Keeping things in check

So it occurred to me the other day, that I need to keep track of symptoms I am feeling now because of the meds, to keep me grounded in reality for after the transfer. As I am sure that many of you can relate, symptoms are confusing. So many of them can be caused by either pregnancy or an impending period. Now we are adding meds to the mix. Before this whole crazy IF business started, there were times when I thought it had worked that month and went through symptom spotting only for AF to come a week late. So I know now that my mind can delay my period  when there was never a possibility for me to conceive without medical intervention. That is just crazy to me. There were three or four times when I was four to six days late and it was all in my mind. So in hopes of preventing my mind playing tricks on me, I know that sounds crazy, I want to catalog symptoms now. So here goes.

headaches – some so bad I am nauseous

body aches – lower back, general

sore boobs

bloating and cramping

tiredness – I am barely making it to 9pm at night

restlessness – getting up at 6am because I can’t sleep anymore

peeing all the time

noveral/hcg makes me dizzy and makes me want to puke

So I had a shot of noveral yesterday to “lock my lining in” at 10.5. I felt fine afterwards but then last night around 9:30 I was dizzy and thought I was going to puke. I thought maybe I just needed to eat. That wasn’t the case. I felt worse after I ate. And of course we were out at a restaurant with friends. I was trying desperately to signal to DH I needed to go. He was not picking up what I was putting down. The friends we were with got it. They asked what was wrong. I am fairly talkative and had been pretty quiet.

So anyway, I made it home. My night was long and unpleasant. No puking but not much sleeping. My dog knew I didn’t feel well and kept snuggling up every time I came back to bed. That is all very sweet but she weighs 85lbs and cuddling, is her laying on top of  you in some fashion. I think I finally fell asleep around 2 or 3 in the morning. But no sleeping in for me today! It is day one or my progesterone shot. It has to be given between 6 and 9am. And DH has to do it. I don’t have the dexterity to jab myself in the ass with 1.5 inch needle. So that means 7am everyday before he goes to work. The nurse also said not to go back to bed afterwards. She said it will hurt less if I move around for 30 minutes. That way it won’t knot up in my muscle.

On to the shot. Man I was nervous. So was my husband. I laid on my belly and got ready. My dog decided to lay on my legs, pinning me to the bed. My husband was also nervous. He was sure he would hit a bone even though the nurse said that wasn’t possible. So he cleaned a spot in one of the circles the nurse drew on me, took a deep breathe and said ‘ok’. I barely felt anything of course. No big deal. But then we got up. Boo. I was running on just a few hours of sleep. Took the dog for a walk and then I went back to bed after a snack. I am sure the progesterone will have its own lovely side affects. I just have to wait. The lupron shots are almost done and I am back down to 2 estrogen patches today.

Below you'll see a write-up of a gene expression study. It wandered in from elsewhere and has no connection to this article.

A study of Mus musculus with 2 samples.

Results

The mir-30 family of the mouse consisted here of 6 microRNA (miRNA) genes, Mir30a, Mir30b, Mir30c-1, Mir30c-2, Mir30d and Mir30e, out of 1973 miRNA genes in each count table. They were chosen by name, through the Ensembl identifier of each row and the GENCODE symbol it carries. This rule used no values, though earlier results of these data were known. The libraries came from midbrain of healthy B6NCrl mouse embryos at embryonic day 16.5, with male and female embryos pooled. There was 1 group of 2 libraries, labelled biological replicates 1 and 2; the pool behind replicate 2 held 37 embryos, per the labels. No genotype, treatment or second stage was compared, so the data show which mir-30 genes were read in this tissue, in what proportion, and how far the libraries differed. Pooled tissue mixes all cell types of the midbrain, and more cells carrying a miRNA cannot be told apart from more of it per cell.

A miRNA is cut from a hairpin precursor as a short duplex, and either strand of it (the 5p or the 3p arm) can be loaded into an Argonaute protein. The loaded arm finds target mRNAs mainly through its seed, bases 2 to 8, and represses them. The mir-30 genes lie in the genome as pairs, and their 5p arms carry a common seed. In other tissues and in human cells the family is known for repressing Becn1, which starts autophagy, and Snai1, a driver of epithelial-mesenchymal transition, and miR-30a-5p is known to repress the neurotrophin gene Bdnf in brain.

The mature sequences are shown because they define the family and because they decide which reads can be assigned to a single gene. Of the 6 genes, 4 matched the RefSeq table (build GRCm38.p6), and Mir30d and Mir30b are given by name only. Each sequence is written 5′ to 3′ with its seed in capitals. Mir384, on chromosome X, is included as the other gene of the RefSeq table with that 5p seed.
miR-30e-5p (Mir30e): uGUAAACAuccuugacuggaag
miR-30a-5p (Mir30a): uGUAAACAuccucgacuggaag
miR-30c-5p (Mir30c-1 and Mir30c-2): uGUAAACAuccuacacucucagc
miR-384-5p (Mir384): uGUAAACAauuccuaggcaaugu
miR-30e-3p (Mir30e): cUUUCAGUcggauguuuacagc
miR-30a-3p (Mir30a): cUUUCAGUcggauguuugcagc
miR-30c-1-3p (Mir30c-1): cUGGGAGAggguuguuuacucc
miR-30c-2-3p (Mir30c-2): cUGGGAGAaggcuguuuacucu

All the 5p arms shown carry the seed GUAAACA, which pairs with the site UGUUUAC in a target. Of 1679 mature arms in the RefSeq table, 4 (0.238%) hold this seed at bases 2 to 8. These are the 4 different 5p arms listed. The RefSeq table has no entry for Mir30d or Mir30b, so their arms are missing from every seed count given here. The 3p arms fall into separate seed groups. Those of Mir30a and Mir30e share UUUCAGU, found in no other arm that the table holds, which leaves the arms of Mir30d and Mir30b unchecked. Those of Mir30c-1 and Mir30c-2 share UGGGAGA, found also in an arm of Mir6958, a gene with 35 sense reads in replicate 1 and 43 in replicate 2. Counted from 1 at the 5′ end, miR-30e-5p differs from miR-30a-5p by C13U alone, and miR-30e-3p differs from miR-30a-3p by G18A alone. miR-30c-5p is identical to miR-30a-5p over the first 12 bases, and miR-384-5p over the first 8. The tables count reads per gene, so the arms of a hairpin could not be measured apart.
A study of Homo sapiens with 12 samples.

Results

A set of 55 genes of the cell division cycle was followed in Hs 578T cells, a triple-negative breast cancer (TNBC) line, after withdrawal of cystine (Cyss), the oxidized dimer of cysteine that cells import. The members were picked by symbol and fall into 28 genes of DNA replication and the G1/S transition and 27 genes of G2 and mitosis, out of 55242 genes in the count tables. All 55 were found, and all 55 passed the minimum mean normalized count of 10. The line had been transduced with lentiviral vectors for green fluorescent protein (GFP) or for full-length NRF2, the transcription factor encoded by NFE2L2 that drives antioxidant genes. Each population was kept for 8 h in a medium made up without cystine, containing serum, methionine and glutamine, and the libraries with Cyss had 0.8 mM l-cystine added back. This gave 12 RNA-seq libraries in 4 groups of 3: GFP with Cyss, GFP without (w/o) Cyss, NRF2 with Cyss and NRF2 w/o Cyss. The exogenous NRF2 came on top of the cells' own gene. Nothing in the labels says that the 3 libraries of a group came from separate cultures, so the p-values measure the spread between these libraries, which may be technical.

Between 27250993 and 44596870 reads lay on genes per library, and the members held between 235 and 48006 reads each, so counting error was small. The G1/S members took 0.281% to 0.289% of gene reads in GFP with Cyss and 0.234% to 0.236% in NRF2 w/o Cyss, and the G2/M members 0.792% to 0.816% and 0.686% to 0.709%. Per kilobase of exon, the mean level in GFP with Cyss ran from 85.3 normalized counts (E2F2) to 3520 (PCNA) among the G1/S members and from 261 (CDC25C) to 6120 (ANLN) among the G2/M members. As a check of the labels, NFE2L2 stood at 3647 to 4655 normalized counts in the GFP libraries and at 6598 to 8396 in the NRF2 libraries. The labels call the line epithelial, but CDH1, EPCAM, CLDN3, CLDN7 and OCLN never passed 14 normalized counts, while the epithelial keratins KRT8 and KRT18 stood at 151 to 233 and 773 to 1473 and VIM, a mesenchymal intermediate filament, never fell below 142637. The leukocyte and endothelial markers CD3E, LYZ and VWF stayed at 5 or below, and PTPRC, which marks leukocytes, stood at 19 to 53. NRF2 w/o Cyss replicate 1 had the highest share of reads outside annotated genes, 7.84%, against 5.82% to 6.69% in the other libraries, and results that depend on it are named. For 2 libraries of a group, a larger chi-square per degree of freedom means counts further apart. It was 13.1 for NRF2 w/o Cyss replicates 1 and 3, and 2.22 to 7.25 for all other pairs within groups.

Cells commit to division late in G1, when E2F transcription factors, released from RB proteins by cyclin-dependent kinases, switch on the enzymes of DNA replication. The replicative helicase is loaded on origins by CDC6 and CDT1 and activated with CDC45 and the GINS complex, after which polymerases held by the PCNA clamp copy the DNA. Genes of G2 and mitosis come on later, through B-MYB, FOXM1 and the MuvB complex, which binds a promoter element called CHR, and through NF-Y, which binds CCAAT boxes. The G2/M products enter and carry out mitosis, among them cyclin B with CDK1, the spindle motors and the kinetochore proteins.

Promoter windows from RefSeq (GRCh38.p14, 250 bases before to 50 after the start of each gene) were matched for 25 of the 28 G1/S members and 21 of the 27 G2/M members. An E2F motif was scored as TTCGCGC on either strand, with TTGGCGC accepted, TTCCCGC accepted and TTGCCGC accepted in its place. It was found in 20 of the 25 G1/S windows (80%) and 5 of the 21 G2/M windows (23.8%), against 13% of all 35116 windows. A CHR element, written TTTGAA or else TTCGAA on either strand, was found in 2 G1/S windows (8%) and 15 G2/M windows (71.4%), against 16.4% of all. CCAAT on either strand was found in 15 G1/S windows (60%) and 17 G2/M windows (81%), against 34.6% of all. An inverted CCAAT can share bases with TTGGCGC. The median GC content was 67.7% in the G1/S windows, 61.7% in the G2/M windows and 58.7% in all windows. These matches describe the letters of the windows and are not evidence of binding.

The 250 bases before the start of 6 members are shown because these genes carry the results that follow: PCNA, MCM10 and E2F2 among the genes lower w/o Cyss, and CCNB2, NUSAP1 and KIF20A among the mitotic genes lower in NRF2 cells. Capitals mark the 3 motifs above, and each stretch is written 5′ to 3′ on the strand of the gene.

My MIL asked if all the hormones were making me crazy yet. I told her not yet. I seem to have more physical issues and even those are pretty mild. She said she will help cover my tracks at Christmas so no one notices I am not drinking. She is pretty great. We talked about breast feeding last night. How women with smaller boobs store less. They can produce as much but have less storage room. We both fall into this category. She said, “Well, look at mine! They aren’t that big and I never had a problem. C was a rolly polly fat baby!” C is my husband. I thought that was quite funny.


4 thoughts on “Keeping things in check

  1. Smart to track things. I wish I had continued that as my memory is terrible! I’ll have to remember this time. That sounds like a sweet convo with your MIL. So nice to have supportive people around!


  2. Glad you didn’t feel much, but I’ve found the hip injections are even less painful if you stand up, let your leg kind of dangle with all your weight on the opposite leg. I learned this actually because I had to give them to myself and I just couldn’t make it work lying down. The first few times I was afraid I’d pass out and fall over, but all was well!


    1. I’ll have to try that. Luckily my DH is very involved in the jabs. I think he sort of feels helpless in the whole situation and thinks this is a way to contribute. I am happy for the help. The inch and half needle is intimidating. I am glad I don’t have to watch it go in.